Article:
Mutual funds increase the retail base and equity allocations

Equity allocations increase by Rs400 million as the mutual fund industry grows its retail investor base

Total assets managed by the mutual fund industry declined 12% during the year ending June 2017, but two trends are emerging: the number of retail, or individual, investors is growing and mutual fund managers are increasing equity allocations. According to the Unit Trust Association of Sri Lanka, the mutual fund industry body, total assets managed by the mutual fund industry declined 12% to Rs100 billion in the year ending June 2017, with the number of unit holders declining 3% during this period. The decline is largely due to corporate investors pulling out of fixed income mutual funds that invest in assets like government securities, corporate debentures and commercial papers. Corporate investors swarmed fixed income mutual funds after returns were exempted from corporate tax in 2012, resulting in assets managed by mutual funds more than tripling in three years to Rs130 billion in 2015. Interest rates rising since have made bank fixed deposits more attractive, offering higher returns to investors. The removal of exemptions for corporate mutual fund investors from next April precipitated the outflow. With income tied to the size of the fund, management firms have no choice but to grow their retail client base fast enough to recover from a sharp earnings decline as corporates exit.

“We already see signs of this change taking place,” says Ruwan Perera, president of the Unit Trust Association. “During the year ending June 2017, the number of new unit holders increased by over 4,000, a majority of them retail investors.”

Mutual funds are also increasing their equity allocations despite the Colombo Stock Exchange’s All Share Index making an 8% negative return over a 30-month period ending June 2017. Overall equity allocation in the mutual fund industry increased to 14% at end-June 2017, compared to 12% a year ago.

The value of equity assets increased 2% to Rs13.7 billion during this period as the number of unit holders grew 4%. “Inflows into mutual funds that invest in listed stocks grew by Rs400 million, mostly from individual investors,” says Perera, who is also chief operating officer of NDB Wealth, which manages several equity and money market funds.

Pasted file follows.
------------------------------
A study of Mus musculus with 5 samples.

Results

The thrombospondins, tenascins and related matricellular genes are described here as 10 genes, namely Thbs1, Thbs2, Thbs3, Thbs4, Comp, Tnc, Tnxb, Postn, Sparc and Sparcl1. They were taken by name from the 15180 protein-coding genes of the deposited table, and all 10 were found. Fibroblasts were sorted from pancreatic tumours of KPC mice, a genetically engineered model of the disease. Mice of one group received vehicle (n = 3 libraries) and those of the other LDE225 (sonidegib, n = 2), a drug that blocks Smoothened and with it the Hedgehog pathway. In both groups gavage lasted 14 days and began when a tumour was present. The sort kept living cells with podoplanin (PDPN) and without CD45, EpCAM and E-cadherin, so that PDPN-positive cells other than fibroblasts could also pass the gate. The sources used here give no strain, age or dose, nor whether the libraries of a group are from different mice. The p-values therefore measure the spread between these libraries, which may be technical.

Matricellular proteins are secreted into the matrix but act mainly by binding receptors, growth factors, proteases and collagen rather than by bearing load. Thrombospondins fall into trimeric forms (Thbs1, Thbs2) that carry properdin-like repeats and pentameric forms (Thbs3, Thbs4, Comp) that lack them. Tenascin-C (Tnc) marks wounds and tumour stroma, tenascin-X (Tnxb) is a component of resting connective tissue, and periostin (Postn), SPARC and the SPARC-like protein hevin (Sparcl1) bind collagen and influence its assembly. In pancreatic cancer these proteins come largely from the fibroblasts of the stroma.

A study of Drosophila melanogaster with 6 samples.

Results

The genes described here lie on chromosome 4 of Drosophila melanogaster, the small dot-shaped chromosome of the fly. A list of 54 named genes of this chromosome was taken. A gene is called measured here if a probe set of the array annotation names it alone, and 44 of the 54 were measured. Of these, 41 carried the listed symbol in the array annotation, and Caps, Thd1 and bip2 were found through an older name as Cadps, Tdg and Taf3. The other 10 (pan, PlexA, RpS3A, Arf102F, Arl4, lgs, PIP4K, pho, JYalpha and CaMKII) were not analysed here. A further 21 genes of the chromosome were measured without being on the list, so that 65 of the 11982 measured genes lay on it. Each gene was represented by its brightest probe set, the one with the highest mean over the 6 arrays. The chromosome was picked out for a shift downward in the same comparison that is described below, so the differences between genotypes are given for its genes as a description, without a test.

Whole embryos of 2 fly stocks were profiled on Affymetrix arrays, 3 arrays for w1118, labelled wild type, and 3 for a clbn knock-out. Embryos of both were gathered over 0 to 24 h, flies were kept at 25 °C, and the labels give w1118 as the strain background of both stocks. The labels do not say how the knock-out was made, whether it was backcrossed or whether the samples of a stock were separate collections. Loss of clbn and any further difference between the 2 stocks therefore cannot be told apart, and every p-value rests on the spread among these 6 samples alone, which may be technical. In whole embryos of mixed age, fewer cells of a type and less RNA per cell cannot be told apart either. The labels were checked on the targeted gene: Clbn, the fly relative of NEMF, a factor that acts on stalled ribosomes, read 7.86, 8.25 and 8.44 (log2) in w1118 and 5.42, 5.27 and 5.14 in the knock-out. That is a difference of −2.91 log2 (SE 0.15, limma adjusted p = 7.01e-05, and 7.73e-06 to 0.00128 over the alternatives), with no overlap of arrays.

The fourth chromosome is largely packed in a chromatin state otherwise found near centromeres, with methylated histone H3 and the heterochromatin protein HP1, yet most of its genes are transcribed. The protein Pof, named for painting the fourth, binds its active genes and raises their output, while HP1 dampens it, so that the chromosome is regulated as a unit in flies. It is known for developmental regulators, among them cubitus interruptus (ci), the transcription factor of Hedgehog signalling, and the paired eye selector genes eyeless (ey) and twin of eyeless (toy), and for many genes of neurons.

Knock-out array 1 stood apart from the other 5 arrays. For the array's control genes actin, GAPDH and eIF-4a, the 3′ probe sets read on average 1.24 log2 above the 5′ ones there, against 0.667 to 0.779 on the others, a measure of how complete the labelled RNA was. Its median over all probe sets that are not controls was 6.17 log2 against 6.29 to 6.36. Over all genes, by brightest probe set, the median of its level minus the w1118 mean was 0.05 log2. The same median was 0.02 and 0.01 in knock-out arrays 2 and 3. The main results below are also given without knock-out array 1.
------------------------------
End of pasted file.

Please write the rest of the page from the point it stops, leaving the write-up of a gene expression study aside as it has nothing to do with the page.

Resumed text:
The Colombo Stock Exchange’s All Share Index returned 6.6% during the first seven months of 2017, reversing a two-year 15% decline over 2015-2016. Gilt-edged funds in government securities mostly matched returns of the All Share Index, with the exception of NAMAL Gilt, managed by National Asset Management, which returned 36%. Most money market funds (like corporate debentures and bank deposits) had lower returns than the CSE during the seven-month period. Several mutual fund management companies increased equity allocations during the one-year period ending June 2017, and outperformed the CSE.

The Comtrust Equity Fund returned 12% in the seven months of 2017. The fund decreased money market allocations and increased equity allocations to 67% from 58% a year earlier. The National Equity Fund returned 12%, with a 75% allocation in listed stocks.

Two equity funds managed by National Asset Management, Acuity Value Fund and Growth Fund, have a 90% and 80% exposure to listed stocks, respectively, and both funds returned about 14% during the first seven months of 2017. The JB Vantage Value Equity Fund has an impressive 97% allocation in stocks, returning 12.5% during this period. The CAL Quant Equity Fund returned 10.93%, and has a 95% allocation, up from 73% a year earlier. The First Capital Equity Fund increased its equity allocation from 61% a year ago to 94%, returning nearly 10% during the first seven months of 2017. The Ceylon Equity Fund also increased its equity allocation to 86% from 71% a year ago, and returned 12.23% during the first seven months of the year.

With income tied to the size of the fund, management firms have no choice but to grow their retail client base fast enough to recover from a sharp earnings decline as corporates exit

Despite recent gains, the Colombo Stock Exchange is clouded in uncertainty. Perera says a majority of equity mutual fund management companies still prefer to allocate a higher proportion of their portfolios into fixed income securities to avoid their clients losing capital. “Besides, some money market funds are returning above 20% from fixed income assets,” he says. “I doubt the stock market will pick up in the short term, but as the economy shows an improvement, the turnaround will come. It has to,” Perera says.